October 30, 2014
Ukraine accuses Russia of invasion after aid convoy crosses border
Ukraine declared today that Russia had launched a "direct invasion" of its territory after Moscow sent a convoy of aid trucks across the border into eastern Ukraine where pro-Russian rebels are fighting government forces.
Moscow, which has thousands of troops close on the Russian side of the border, warned against any attempt to "disrupt" the convoy but did not specify what action it was prepared to take if Kiev's forces intervened.
Kiev, for its part, said Ukrainian forces would not attack the convoy and had allowed it to pass to avoid "provocations".
"Ukraine will liaise with the International Committee of the Red Cross so that we, Ukraine, are not involved in provocations (accusations) that we have been holding up or using force against the vehicles of so-called aid," he told journalists.
The Ukraine conflict has driven relations between Moscow and the West to their lowest level since the Cold War, with Western states imposing sanctions on Moscow and the Kremlin retaliating. NATO has deployed extra troops in member states bordering Russia.
Ukrainian authorities gave the number of trucks which had crossed variously as 34 and 90.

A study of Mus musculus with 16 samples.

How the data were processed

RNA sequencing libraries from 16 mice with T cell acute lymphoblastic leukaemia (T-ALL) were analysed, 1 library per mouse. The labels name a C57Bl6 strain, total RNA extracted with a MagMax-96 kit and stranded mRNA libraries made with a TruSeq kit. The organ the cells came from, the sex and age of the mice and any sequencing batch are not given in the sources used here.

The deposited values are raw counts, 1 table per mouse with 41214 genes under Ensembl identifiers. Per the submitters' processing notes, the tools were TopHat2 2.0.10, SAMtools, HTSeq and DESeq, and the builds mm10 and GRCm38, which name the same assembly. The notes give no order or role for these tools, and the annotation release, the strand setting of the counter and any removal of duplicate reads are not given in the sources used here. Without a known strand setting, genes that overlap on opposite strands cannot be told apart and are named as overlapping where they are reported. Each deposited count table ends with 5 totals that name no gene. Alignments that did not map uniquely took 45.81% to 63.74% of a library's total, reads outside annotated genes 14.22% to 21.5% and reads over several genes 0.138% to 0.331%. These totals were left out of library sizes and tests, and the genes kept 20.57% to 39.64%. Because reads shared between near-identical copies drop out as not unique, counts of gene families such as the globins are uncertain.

"They passed into Ukraine without clearance or participation of the International Red Cross or (Ukrainian) border guards," Ukrainian military spokesman Andriy Lysenko told journalists.
"We consider this a direct invasion by Russia of Ukraine," Ukrainian state security chief Valentyn Nalivaychenko said in a separate statement to journalists.
In response to a question whether Ukraine would use air strikes against the convoy, Nalivaychenko said: "Against them, no."
But Ukrainian authorities said the convoy would pass through an area where the rebels were firing and that therefore its security could not be guaranteed.
Luhansk region has been a major focus of conflict in recent days between rebels, who have declared an independent republic, and Ukrainian forces. Luhansk city itself has seen fighting.
Moscow had earlier expressed impatience with holdups at the frontier.